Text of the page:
VIP’s go to VIP Program

The white car featured in the photo is a real car from a crash scene that the VIP for a VIP people use as part of their Vehicle Injury Protection message. VIP for a VIP is intentionally placed around prom season to encourage teenagers to make good choices when driving since many will likely be under the influence around prom. Photo courtesy of Sarah Stoflet.


Vehicle Injury Protection Program for a Very Important Person (VIP for a VIP) – a distracted driving prevention program that Leesville Road High School arranges annually – took place on March 27, 2018. Seniors attend the two sessions that took place during second and fourth period. “The purpose of the VIP presentation is to provide students with important information related to making safe driving choices. The presentation is very serious and important but does contain very dramatic reenactments of car crashes and the impact these crashes have on others.” (Leesville document)


Highway Patrol Officer –

Wildlife Officer –

Ticketing Officer –

Mother –

First Session

During second period, the senior class all joined together in the auditorium for the first half of the VIP for a VIP program. As students piled in, Tim McGraw’s music video “Highway Don’t Care”, featuring Taylor Swift, played. The assembly began with a speech about choices, and how everyone makes the choice to safely or recklessly drive everyday, and how that choice can be life changing for more than just you. Speakers went down the line, telling their story about why they care. At first, it was simply “Don’t recklessly drive, we want you to come home safely,” from all of the officers.

Towards the end, the mood shifted. After talking about his job having to knock on doors and tell parents that their child was in a crash and didn’t make it, the highway patrol officer used the phrase, “Will your door be next?”. A mother, whose two children died on their way to one of the boys graduation because of weather conditions told her story, tearing up as she did so. A couple videos were displayed providing the classic don’t text and drive message, and then a mirage of photos of crash scenes and photos of students who died was played while The Band Perry “If I Died Young” played over the speakers. It was an emotional and eye-opening experience for many of those participating and in the audience.

Second Session

During the second session, students were lead outside to bleachers in the parking lot where they witnessed a first account “crash site.” VIP included a crash stimulation of a teen crashing into a light pole. The demonstration featured real police, sirens, sounds, smell and emergency responders which made the simulation feel real.

The actor that portrayed the teen victims mom pulled the heartstrings out of viewers. After the simulation was over, she stated, “Think about how your mom would feel to get that unbearable phone call from the police saying the next victim is you. Think about how she would feel driving to see what she thinks is the impossible, her dead child. Think about your mom, dad or loved one and think about how they would feel about losing you over something that is preventable. Think about how you can help to save your life, as well as your mom’s or dad’s.”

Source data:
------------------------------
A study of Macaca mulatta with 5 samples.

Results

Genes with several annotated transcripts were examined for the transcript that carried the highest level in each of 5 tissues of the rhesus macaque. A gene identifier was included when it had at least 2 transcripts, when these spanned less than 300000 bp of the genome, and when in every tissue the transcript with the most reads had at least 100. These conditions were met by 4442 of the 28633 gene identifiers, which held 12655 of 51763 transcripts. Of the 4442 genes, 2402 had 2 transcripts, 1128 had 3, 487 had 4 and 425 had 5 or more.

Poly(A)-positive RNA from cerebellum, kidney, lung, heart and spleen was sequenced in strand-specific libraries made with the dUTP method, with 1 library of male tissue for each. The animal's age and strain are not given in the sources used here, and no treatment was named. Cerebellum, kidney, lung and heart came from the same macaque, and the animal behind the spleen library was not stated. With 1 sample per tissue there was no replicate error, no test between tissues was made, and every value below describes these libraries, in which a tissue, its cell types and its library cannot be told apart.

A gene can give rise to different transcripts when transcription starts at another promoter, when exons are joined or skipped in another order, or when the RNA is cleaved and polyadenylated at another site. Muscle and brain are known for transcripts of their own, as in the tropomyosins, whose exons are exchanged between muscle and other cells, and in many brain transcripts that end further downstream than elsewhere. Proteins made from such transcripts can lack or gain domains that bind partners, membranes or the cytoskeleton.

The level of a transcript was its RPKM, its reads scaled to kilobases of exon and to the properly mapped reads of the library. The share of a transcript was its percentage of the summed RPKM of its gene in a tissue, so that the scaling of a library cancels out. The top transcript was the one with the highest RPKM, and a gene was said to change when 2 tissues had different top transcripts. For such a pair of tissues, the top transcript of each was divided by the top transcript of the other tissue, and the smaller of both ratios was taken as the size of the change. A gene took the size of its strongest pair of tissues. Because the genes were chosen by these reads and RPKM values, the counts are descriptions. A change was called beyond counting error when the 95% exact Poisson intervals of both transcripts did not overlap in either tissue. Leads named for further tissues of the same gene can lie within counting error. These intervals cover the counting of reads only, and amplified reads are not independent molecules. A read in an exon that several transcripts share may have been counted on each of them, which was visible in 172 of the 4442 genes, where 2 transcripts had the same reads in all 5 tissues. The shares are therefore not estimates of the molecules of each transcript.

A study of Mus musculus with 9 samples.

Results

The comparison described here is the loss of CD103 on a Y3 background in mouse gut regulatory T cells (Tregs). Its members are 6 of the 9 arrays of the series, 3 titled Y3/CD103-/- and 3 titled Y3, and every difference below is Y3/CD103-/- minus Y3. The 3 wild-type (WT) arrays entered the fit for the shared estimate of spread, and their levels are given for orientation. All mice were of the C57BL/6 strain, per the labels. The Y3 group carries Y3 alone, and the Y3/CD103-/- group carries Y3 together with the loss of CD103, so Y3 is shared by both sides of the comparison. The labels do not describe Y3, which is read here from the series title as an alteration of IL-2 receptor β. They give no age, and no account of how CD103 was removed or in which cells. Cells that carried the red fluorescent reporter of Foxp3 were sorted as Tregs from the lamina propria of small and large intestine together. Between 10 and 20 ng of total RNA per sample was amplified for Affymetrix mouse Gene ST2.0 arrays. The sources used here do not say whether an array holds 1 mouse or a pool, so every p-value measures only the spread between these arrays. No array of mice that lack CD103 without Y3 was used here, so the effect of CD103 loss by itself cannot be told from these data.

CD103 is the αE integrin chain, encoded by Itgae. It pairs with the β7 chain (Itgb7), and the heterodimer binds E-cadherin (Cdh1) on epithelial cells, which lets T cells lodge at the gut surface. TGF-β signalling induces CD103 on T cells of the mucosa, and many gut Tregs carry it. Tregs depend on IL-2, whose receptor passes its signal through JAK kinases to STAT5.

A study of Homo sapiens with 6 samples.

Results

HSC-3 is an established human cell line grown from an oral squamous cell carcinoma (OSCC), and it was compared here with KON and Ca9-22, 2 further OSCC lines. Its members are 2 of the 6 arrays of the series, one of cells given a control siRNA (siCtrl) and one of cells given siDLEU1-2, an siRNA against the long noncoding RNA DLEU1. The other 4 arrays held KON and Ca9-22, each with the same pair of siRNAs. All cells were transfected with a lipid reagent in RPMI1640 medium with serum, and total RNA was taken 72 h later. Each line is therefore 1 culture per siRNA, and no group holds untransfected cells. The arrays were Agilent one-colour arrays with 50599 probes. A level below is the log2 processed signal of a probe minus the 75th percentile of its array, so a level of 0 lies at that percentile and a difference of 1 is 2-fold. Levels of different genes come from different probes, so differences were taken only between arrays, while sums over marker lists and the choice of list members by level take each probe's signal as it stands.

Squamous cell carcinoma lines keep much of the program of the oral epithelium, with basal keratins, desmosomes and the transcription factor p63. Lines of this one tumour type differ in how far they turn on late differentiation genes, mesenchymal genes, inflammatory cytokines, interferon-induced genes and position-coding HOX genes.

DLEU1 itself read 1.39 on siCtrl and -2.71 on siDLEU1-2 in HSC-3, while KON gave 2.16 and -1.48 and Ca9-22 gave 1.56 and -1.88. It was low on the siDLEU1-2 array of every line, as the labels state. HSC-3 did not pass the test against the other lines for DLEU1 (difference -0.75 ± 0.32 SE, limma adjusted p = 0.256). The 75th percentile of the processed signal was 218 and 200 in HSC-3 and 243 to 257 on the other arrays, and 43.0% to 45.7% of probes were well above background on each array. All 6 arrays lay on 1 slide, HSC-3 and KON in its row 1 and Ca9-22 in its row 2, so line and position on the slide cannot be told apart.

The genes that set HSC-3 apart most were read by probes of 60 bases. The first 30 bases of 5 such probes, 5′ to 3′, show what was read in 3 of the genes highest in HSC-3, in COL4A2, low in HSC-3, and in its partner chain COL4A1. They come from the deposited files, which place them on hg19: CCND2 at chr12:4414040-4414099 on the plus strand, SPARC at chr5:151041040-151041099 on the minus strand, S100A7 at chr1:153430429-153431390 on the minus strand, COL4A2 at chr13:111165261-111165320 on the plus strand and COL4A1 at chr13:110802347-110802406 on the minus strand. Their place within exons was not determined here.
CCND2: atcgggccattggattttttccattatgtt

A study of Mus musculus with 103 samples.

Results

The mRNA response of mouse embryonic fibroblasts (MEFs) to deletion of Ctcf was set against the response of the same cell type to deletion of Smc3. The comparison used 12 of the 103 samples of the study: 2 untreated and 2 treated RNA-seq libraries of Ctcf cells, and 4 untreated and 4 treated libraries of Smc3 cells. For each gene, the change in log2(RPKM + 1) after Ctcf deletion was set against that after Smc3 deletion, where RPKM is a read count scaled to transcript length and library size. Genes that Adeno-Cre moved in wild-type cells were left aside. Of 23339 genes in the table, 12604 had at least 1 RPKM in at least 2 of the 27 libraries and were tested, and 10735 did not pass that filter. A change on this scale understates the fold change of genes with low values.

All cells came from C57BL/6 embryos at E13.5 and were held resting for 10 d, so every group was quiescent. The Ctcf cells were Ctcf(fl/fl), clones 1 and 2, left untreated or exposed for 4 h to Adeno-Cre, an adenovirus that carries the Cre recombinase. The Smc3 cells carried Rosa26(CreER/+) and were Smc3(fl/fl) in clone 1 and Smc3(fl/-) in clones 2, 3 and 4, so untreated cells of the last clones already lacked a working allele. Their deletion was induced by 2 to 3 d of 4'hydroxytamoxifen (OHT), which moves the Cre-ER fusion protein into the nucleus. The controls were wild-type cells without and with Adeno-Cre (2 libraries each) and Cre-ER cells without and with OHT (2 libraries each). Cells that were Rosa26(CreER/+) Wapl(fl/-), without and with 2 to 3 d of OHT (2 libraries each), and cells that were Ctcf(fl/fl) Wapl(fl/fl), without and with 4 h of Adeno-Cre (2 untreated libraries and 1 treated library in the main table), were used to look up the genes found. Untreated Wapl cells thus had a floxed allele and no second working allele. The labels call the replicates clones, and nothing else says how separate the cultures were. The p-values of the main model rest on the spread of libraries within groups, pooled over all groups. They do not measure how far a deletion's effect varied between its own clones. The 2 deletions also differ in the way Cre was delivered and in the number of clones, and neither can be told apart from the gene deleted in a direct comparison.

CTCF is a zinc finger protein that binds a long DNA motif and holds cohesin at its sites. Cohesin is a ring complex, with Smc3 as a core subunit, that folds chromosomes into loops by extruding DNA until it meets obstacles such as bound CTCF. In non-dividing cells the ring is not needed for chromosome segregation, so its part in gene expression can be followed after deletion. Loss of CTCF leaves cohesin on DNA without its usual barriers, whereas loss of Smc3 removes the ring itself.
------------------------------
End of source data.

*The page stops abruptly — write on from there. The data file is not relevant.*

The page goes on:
After the “mom” spoke, the crowd went silent. The once “rebellious teenagers” that wished to defy their parents in every way possible, were at a loss for words. Not many were crying or shedding tears over this paternal plea, but were pondering over the thought of their parents crying for help as they approach the scene of their child’s death.

The recent loss within the Leesville community in the past year made this year’s presentation a sincere reality for all those watching. With the vast amount of lives lost within the Leesville community and the recent publicity LRHS has received for drug related issues, the VIP seemed to be a cry for help. Dr. Mutillo surfaced the subject of loss in the community and told students to, “use the loss as a subject for change.

The goal of VIP was to allow students to understand the probability of a preventable, untimely death. The message was delivered and was felt among the bleachers of heartbroken students.



While the two sessions did not attract major reactions, a lot of students walked out with tears swelling in their eyes. Some students were hit by the question of how their mothers, fathers, and siblings would feel when that highway patrol officer shows up to their door. Others teared up at the horror of the staged accident, realizing that the crash could be them. Some cried at the lost lives of the people on the screen, realizing how much potential they would never live up to: their graduation, college, a wedding. Some were affected by the speeches given: the testimonial from the mother during the assembly, or even the speech the actress portraying the mother in the crash simulation.

Each individual was affected in different ways, and some were not affected at all, but one thing is for sure: most of the students walked out of the auditorium and off of the parking lot with a changed perspective on their distracted driving habits.